Givewell's blog has recently begun a series of 5 self-evaluation posts (they are on the 4th right now) which discuss where the organization is at and where they're going. They're all worth a read. In particular, they build up to a survey for Givewell followers about how you'd like the organization to direct their research in the future, with options to emphasize existential risk and research even if the evidence is lower quality.


EDIT: GW is okay with this link. "We’re looking for replies from GiveWell followers ... We’re fine for you to pass it around if you want."

I wondered the same thing, but notice that they ask how much you donated to them / through them. So even if we flood in and produce hundreds of responses, as long as we're honest, the analysis will show that the people who are actually donating money look like X and everyone else looks like Y, and Givewell can decide appropriately. (And if LWers really are donating a ton to Givewell or its top charities, well, then the flooding is not a problem at all.)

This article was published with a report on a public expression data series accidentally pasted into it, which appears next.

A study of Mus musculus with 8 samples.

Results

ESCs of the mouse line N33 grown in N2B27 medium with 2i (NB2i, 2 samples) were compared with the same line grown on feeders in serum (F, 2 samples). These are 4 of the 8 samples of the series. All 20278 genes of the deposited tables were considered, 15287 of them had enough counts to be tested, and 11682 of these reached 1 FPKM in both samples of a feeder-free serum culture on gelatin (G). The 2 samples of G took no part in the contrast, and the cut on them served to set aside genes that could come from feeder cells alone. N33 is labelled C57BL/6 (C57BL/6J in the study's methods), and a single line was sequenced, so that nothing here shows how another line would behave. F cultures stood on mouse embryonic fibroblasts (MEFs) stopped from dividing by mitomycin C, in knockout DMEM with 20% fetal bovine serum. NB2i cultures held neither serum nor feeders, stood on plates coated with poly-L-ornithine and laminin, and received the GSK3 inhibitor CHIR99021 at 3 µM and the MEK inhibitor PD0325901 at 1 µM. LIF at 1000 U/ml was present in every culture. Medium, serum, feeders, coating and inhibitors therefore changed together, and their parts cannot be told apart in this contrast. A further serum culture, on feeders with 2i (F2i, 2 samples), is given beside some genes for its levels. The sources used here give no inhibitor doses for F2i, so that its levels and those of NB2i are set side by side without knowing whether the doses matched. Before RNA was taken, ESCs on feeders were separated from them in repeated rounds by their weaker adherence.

Weighting GiveWell donors' responses more heavily will mean giving the opinions of people who are happy its current work disproportionate influence, won't it? It may be worthwhile to distinguish between people who are interested in effective altruism and people who follow GiveWell's recommendations.

Hrm. Somewhat fair, but I think the current (as far as I can tell) selection effect of "people who regularly read the Givewell blog" is about as bad. I think people who don't currently read Givewell regularly, in part because it usually doesn't emphasize the sorts of things they care about, should have the opportunity to tell Givewell that they'd pay more attention if Givewell emphasized the sorts of things they care about.

I asked about this on the blog itself, will take this down if they ask me to.

[-][anonymous]10y 0

They also sent a newsletter linking to the survey to their mailing list, so even if I don't read their blog that often I still took the survey because I had found out about it in the mail.